The Raft River Valley was used by Native Americans as a place to hunt and winter because the snow didn’t lie in the valley and there was good water and plenty of grass for the animals. British and American trappers. Peter Skene Ogden, Milton Sublette, and John Work were among those who recorded travels in the valley between 1825 and 1832.
The Oregon Trail, in use from 1841, followed the Snake River. In 1846 the California Cutoff, also called Applegate, left the Oregon Trail at the junction of the Raft River, traveled southwest to the City of Rocks, and on to California.
The Salt Lake Cutoff, pioneered by Samuel Hensley in 1848, crossed into the valley and joined the California Trail at City of Rocks. Members of the Mormon Battalion, traveling east, met Hensley that same year and pioneered the route as a wagon road into Salt Lake City. Beginning in 1849 and during the gold rush to California, thousands traveled from Salt Lake to the City of Rocks via the Salt Lake Cutoff.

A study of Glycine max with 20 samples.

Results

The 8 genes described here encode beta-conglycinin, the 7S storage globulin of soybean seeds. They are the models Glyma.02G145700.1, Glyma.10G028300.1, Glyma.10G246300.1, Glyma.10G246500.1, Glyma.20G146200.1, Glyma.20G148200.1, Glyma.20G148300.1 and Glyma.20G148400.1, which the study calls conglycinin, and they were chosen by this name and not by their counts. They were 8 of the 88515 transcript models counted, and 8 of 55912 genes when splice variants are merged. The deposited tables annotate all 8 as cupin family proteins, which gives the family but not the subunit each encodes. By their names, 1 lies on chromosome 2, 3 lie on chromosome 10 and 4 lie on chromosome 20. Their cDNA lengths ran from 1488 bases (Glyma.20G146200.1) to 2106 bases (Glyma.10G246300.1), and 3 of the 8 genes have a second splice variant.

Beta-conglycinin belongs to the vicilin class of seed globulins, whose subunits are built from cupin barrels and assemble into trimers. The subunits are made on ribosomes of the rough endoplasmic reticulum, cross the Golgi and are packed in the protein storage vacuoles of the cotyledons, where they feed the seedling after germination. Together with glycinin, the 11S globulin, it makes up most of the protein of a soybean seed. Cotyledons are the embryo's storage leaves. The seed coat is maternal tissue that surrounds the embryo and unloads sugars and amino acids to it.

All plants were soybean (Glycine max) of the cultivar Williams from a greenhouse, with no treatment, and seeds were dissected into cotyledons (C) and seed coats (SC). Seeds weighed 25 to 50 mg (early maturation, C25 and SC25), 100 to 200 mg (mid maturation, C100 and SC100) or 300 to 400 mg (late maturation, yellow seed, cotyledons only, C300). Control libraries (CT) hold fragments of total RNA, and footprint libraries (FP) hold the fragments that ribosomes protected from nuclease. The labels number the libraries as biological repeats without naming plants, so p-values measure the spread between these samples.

Others going to California traveled via Fort Hall. Seeking a shorter route, in 1849 Hudspeth left the trail at Soda Springs and blazed a new trail rejoining the California Trail near here. An estimated 45,000 people traveled the route in 1850, followed by 50,000 more travelers in 1852. Travel countinued over the Hudspeth Cutoff from 1849 through 1859, when the opening of the Lander Trail caused most California-bound groups to return to the route via Fort Hall and up the Raft River.
In 1869 John Hailey received a government contract to freight the rich minerals from Wood River Country to Kelton, Utah the nearest railroad, and return with supplies. Ben Halliday also operated a stage service in the valley.
The greater Raft River drainage is a historically rich area. Trail ruts are visible, many unmarked graves lie along the routes, and journals record scenic vistas as well as tragedies along these roads in history.